The Martha’s Vineyard Savings Bank, local police and the FBI are continuing to investigate automatic teller machine skimming devices that led to the theft of about $180,000 from various bank customers early this month.

This week, more information has emerged about fraudulent withdrawals made on customer accounts over Labor Day weekend. The scam took place at a Martha’s Vineyard Savings Bank ATM in Oak Bluffs, but police said members of other banks were also impacted.

On Thursday, bank president and chief executive officer Paul Falvey told the Gazette that about 150 of the bank’s customers were affected, representing about $140,000. The bank has reimbursed the customers for their loss.

Oak Bluffs police Lieut. Timothy Williamson, who is leading the police investigation, said that customers from Citibank, Bank of America and Sovereign Bank were also impacted. He said that on Thursday, three more people came forward to report fraudulent withdrawals. In total, about 175 people were impacted for a total of about $180,000 he said. The FBI and the Secret Service are involved in the investigation.

Mr. Falvey said that through an analysis of transaction data over certain periods of time and footage from video surveillance, the bank has identified an ATM next to Flying Horses Carousel as the site of the fraud.

Two individuals visited the branch multiple times, he said, and their actions appeared suspicious. Mr. Falvey said it appeared to be a fairly typical skimming operation: a high-tech device manufactured to fit the make and model of the ATM, so that it looks like part of the machine, was affixed to the card reader. The device collected card information, he said.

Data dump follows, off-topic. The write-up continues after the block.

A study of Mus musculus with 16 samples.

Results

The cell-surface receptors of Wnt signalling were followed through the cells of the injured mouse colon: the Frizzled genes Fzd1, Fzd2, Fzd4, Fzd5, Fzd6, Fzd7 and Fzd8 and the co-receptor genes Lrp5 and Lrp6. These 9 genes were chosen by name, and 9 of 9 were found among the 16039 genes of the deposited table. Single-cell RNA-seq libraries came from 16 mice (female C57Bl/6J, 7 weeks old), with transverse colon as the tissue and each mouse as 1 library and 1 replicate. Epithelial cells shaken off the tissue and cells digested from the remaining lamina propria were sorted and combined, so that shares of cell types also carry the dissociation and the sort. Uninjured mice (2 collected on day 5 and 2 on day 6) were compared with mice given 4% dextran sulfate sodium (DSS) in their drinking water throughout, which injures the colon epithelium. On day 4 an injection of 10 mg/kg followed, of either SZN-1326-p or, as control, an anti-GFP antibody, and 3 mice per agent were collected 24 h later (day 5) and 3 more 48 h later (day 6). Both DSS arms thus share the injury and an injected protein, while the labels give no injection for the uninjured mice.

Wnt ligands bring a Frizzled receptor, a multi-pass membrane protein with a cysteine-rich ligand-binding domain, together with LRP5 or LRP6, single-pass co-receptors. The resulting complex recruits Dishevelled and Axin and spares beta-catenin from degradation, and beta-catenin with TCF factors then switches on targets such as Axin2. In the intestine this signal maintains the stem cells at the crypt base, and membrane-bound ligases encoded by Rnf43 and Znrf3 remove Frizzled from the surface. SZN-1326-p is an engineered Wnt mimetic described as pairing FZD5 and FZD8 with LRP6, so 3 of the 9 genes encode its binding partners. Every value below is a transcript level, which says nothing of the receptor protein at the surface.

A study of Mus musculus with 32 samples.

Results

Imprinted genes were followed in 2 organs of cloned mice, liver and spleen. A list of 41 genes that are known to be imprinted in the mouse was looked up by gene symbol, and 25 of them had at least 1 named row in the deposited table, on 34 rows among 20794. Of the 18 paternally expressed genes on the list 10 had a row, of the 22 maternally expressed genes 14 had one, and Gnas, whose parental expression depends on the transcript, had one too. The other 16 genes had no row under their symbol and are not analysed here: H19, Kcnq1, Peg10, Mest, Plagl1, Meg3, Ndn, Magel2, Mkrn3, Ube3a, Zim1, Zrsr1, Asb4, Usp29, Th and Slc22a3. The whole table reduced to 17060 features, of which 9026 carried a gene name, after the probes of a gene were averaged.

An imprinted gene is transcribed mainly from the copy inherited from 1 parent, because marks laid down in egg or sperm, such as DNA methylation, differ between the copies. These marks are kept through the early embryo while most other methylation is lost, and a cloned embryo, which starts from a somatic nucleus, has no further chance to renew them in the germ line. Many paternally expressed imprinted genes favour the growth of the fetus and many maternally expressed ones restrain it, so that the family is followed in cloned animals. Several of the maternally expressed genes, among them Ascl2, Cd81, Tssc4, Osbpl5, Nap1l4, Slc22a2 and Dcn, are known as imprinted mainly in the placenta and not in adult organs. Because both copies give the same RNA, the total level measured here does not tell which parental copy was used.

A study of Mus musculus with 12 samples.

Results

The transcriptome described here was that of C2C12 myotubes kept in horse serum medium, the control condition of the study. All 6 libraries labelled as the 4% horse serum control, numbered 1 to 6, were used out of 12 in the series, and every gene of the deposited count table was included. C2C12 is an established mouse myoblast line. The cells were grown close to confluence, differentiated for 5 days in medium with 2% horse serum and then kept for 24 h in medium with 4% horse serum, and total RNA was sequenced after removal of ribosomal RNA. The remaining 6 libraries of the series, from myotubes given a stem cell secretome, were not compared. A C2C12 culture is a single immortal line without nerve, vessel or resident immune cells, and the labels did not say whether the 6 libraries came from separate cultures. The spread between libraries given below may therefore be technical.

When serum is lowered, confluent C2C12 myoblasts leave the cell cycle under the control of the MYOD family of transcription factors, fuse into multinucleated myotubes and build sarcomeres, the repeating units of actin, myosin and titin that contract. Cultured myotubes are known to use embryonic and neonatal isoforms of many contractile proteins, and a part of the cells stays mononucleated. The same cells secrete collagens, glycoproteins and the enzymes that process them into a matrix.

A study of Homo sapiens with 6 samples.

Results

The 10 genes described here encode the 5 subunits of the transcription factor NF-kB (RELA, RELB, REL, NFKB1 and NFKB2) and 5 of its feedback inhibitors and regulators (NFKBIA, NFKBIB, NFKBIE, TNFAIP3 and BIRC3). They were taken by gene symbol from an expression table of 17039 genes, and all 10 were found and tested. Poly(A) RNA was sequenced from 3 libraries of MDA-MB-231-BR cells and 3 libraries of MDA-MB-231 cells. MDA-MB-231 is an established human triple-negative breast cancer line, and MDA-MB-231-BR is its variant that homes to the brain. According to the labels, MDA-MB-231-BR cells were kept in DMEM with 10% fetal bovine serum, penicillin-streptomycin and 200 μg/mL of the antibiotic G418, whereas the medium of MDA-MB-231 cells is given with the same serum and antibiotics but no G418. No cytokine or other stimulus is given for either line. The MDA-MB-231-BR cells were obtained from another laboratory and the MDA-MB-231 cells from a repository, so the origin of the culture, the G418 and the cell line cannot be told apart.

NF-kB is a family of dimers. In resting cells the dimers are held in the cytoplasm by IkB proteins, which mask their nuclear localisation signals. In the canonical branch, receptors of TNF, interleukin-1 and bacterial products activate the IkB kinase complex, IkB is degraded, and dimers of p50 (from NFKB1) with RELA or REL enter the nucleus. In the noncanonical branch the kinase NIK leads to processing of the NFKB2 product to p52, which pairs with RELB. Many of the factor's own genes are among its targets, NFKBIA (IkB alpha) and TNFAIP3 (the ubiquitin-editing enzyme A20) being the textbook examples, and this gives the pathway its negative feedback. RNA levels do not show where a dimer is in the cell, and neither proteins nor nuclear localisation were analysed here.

Another individual would come afterward and put what appears to be a micro-camera that would capture keystrokes somewhere along the ATM, he said.

Lieutenant Williamson said the surveillance videos show two men placing the devices at the ATM in the late afternoon or early evening and then coming back four or five hours later to remove them. He said the police are releasing images of the men to see if anyone an identify them.

The information was collected over up to 10 days in late July and early August, Mr. Falvey said.

Mr. Falvey said that under normal operations such as these, the information collected is given to others who create fake ATM cards.

“It appears the police and others think it’s part of a sophisticated crime network, unlikely just one or two people,” Mr. Falvey said. The illegal bank transactions were made in Indianapolis, Chicago and New York.

Martha’s Vineyard Savings Bank, the Island’s largest bank, is fully insured with the FDIC and customers did not lose any money, Mr. Falvey told the Gazette last week.

Mr. Falvey said the bank continues to cooperate with police and is continuing to do research on customer accounts and transaction history.

Mr. Falvey said the situation is not unique to the Martha’s Vineyard Savings bank. “Any ATM network is susceptible to this sort of activity,” the bank president said.

“I think the reason it happened to be our ATM is because of . . . the great location, the convenience for those people,” he said, calling it a “busy, active summer ATM. “It’s very convenient. It made it a good target.”